Back in the Fifties, Sixties and Seventies, TV drama episodes were like the monographs in these columns – each one had a beginning, middle and an end. Three acts, if you will.
But then, in the Eighties, all that changed. Suddenly, Hollywood’s lowest form of life – its writers – became PRODUCERS. And they TOOK OVER.
Starting with “Moonlighting”, series began to EVOLVE. No longer were the episodes interchangeable – now story arcs developed that encompassed first several episodes, then whole seasons, then beyond (foreign stations now had to look at the EPISODE NUMBERS on the tapes!)
And if the writers found they were running out of ideas for a character, they would KILL THEM OFF – if a character’s life was becoming pointless, the writers made damn sure their DEATH would not be.
This formula continued through shows like “ER”, “Twin Peaks”, “24″ and “House” to today’s fare – like “Fringe” and “Dexter”.
And now there’s a new boy in town. “The Blacklist” has taken a leaf out of a book begun by “Homeland” – a series where not ONLY is it not known who will live, who will die, where they are going and why – but we do not even know who these people ARE.
I mean, traditionally you knew who the heroes and villains were – but now, even this basic fact is being withheld from the viewer. It is WONDERFULLY confusing!
However, it is not all plain sailing here. At the top of this piece, I stated that in the old days, individual episodes had complete stories. Thus they ended as they had begun – and could be run in any order.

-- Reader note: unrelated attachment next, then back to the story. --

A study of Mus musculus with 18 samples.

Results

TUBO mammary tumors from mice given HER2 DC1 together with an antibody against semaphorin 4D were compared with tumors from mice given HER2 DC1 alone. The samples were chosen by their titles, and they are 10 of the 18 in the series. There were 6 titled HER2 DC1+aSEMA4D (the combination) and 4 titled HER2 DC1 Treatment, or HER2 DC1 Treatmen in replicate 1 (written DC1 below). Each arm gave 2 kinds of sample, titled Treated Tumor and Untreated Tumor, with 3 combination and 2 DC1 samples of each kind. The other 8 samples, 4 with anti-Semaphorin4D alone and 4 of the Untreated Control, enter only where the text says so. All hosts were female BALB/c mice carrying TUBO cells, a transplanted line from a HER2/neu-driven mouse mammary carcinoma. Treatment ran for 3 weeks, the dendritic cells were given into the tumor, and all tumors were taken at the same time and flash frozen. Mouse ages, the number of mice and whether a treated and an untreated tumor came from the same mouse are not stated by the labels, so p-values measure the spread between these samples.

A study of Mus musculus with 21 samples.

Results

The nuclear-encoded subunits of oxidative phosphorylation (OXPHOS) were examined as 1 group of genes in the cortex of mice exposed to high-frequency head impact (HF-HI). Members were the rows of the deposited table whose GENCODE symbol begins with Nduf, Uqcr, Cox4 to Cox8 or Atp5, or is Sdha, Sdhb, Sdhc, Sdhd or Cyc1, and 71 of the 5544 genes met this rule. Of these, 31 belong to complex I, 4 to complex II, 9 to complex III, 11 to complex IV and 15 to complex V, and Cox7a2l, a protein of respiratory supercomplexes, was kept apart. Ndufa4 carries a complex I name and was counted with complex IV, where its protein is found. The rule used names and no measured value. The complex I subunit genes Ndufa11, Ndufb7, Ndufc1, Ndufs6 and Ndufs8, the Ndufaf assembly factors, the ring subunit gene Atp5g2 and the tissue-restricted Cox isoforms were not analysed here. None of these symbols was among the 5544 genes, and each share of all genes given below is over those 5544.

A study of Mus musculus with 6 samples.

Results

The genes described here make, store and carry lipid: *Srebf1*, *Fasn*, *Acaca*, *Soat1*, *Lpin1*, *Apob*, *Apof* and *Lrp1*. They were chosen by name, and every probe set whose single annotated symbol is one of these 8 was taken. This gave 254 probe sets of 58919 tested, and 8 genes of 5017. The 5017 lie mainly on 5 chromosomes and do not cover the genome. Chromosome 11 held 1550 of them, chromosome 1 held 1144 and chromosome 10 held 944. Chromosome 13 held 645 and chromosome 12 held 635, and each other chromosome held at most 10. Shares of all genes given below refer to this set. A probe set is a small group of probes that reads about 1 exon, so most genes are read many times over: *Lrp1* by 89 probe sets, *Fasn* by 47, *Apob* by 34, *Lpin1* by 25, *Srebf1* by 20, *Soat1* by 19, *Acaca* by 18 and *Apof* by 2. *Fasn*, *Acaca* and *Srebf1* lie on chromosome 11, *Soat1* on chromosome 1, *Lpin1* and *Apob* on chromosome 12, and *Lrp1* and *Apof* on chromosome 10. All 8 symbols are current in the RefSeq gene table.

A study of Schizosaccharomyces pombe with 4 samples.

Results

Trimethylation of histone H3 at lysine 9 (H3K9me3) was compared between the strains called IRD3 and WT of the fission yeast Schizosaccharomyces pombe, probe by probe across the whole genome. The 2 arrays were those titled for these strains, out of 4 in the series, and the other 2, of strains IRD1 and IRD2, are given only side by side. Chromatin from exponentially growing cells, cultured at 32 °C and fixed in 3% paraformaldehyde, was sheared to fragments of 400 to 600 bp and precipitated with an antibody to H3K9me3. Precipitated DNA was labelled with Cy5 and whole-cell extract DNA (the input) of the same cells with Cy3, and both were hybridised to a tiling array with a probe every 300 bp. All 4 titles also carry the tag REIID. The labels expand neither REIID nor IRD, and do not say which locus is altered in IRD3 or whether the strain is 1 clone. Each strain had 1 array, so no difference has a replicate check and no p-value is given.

Therefore, both the writers and viewers had a SAFETY-NET. You knew where the hell you were.
And WITHOUT that net, DISASTER could result. Shows that evolved right down BLIND ALLEYS included the afore-mentioned “Moonlighting” and “Twin Peaks”.
The problem was, while it is easy to FRAME a story for just one episode, a short arc – or even, at a pinch, a whole season – you cannot do so for several YEARS.
Furthermore, it is not always possible to know when a show is going to END.
Meaning that while a series might travel along interesting twists and turns – and feature countless cliff-hangers – the day might come when a TV exec, unhappy with ratings, decides to pull the PLUG.
Leaving all of the viewers up in the AIR.
Sometimes the same exec will green-light a one-off TV movie to tie up those loose ends – knowing enough past and present fans will tune in to justify the outlay.
And sometimes not.
Although far better a series crashes and burns – but THRILLS you along the way – than lumbers over the same damn ground, week after INTERMINABLE week, as they did in the old days.
So let’s HEAR it for those writers – they wrested control from the TV execs and RAN with it. Then, often having NO idea where they were going, risked ALL to ENTERTAIN us.
And in this uncertain age, where TV’s audience has dwindled (thanks to THIS medium) while budgets have done likewise (thanks to Wall Street’s robber-barons) they continue to do so.
But at least now they – and we – can have FUN!